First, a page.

London Mosque Feeds Needy
Giving back to the community, a London mosque offers hot meals and psychological support once a week for the city’s needy, reflecting one of the tenets of Islam of charity.
The project “is part of several inter-religious initiatives that aim to serve the communities around,” Mohammad Ali, the deputy director of the Mosque, told Al Jazeera on Saturday, August 8.
Located in London Borough of Islington, Finsbury Park Mosque opens its doors for London’s homeless once a week to show the true face of Islam.
Social workers at the mosque welcome dozens of needy people who come to share worries and hopes.
According to Ishiya, a volunteer at the mosque, the homeless are finding the social security they lack on the streets.
The mosque hopes to provide better meals with more regularity, Ishiya added.
The mosque hosts a number of activities that target both Muslims and non-Muslims, “Muslims should have a role in social integration,” Ali explained.
The mosque, which has become a focal point in the community for interfaith and peaceful worship over the past 10 years, was often overshadowed by its old links with extremist preacher Abu Hamza, who was sentenced to life in US prison.
The mosque is now the only one in the country to have received the charity commission-endorsed Visible Quality Award for its work in the community.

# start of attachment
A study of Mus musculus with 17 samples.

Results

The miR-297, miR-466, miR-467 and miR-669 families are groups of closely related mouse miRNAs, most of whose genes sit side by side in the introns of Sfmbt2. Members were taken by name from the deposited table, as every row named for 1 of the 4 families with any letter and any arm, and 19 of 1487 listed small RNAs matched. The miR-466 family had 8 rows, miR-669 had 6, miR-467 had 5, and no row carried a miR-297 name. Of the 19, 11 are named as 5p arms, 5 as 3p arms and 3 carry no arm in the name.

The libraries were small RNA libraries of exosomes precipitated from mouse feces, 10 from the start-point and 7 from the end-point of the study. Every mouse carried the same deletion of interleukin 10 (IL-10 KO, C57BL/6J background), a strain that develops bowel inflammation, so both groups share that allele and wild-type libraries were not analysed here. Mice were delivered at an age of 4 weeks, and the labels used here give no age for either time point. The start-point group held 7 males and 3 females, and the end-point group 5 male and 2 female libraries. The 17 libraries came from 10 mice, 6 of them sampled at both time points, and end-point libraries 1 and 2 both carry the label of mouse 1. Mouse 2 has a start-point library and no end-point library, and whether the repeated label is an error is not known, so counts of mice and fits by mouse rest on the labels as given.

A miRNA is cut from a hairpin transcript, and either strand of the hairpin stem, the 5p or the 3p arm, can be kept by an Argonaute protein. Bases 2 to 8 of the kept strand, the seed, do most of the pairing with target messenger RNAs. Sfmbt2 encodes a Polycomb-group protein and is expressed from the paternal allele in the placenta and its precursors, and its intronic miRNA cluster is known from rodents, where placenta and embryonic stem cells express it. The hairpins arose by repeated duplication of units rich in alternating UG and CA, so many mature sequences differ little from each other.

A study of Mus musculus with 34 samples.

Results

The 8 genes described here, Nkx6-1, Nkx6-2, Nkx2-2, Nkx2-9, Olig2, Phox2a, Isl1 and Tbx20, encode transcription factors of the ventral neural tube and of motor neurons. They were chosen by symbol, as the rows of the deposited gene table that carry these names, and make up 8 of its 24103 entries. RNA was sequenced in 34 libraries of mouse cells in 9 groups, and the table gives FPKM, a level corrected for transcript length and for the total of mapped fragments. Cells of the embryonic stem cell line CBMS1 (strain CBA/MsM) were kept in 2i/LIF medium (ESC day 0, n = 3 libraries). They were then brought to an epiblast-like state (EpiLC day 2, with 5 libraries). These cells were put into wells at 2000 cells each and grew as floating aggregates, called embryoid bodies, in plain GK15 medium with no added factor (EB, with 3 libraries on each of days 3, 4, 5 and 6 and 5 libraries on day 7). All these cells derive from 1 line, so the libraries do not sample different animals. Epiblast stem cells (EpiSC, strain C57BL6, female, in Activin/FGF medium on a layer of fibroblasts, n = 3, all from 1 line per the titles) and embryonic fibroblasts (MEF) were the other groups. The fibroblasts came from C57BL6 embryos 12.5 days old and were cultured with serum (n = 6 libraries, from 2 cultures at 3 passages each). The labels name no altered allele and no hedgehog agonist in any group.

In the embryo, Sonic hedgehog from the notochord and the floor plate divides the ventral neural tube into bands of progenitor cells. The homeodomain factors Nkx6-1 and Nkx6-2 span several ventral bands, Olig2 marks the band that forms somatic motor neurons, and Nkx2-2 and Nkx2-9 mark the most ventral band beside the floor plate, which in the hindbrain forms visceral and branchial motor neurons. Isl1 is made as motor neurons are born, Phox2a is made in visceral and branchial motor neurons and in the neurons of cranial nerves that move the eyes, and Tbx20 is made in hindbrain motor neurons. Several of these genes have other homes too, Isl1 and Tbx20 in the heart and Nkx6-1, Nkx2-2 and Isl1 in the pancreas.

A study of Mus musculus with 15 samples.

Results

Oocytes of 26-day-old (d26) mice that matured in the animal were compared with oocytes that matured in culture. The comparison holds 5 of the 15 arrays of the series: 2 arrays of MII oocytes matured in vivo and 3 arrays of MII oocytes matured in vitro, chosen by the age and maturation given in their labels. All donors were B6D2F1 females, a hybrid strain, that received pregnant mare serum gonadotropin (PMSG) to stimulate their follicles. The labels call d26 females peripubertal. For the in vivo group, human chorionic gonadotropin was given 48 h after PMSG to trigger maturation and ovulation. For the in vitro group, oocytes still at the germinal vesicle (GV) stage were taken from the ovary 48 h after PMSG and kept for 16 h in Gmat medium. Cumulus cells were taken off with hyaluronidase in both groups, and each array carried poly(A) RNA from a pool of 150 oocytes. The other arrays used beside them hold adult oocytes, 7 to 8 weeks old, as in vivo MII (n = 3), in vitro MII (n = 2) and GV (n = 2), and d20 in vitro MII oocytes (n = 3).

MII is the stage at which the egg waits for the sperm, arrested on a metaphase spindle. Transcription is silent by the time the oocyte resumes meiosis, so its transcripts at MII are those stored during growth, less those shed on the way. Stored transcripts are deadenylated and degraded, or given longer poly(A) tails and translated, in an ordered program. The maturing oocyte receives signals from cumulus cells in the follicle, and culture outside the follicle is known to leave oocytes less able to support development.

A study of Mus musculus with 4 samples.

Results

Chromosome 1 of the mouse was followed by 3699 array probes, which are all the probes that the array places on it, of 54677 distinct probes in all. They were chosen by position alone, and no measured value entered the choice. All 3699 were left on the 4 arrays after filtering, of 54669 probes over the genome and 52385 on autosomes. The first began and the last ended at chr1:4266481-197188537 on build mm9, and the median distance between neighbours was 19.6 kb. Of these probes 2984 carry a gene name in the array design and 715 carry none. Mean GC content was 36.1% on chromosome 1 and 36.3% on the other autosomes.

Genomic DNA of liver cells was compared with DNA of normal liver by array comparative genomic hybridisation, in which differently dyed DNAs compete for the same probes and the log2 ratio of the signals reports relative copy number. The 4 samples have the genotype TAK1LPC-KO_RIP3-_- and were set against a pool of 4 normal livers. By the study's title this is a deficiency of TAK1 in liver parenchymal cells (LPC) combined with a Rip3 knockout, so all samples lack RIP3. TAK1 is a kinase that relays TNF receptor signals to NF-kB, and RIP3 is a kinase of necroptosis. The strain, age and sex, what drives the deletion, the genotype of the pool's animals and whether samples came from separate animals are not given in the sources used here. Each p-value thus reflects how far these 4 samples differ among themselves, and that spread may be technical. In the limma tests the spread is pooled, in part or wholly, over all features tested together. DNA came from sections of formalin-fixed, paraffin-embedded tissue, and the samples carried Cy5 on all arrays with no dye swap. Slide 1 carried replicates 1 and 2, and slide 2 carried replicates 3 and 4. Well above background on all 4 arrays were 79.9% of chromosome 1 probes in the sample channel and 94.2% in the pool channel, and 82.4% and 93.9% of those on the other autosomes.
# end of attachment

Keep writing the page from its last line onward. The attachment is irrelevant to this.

Last month, prominent British Muslim scholar has urged the UK authorities to remove Finsbury Park mosque from a confidential terrorism blacklist used by UK high street banks.
The mosque was branded as a “terrorism risk” on the confidential database used by 49 out of the world’s biggest 50 banks.
Shortly after HSBC’s decision to close mosque accounts, the Finsbury Park mosque has received some 15 emails and letters which included hand drawn images depicting the Prophet Muhammad as a devil worshipper.
Following Paris attack earlier this year, the mosque came under a barrage of hate mails, death threats and offensive cartoons.
Britain is home to a sizable Muslim minority of nearly 2.7 million.
In 2011, think tank Demo found that Muslims in the United Kingdom are more patriotic than the rest of population.
Responding to the statement “I am proud to be a British citizen”, 83% of Muslims said they are proud of being British.
Reflecting a deep-rooted relationship, a synagogue in the northern British city of Bradford has appointed, this month, its first Muslim member, in a decision passed unanimously by its ruling body.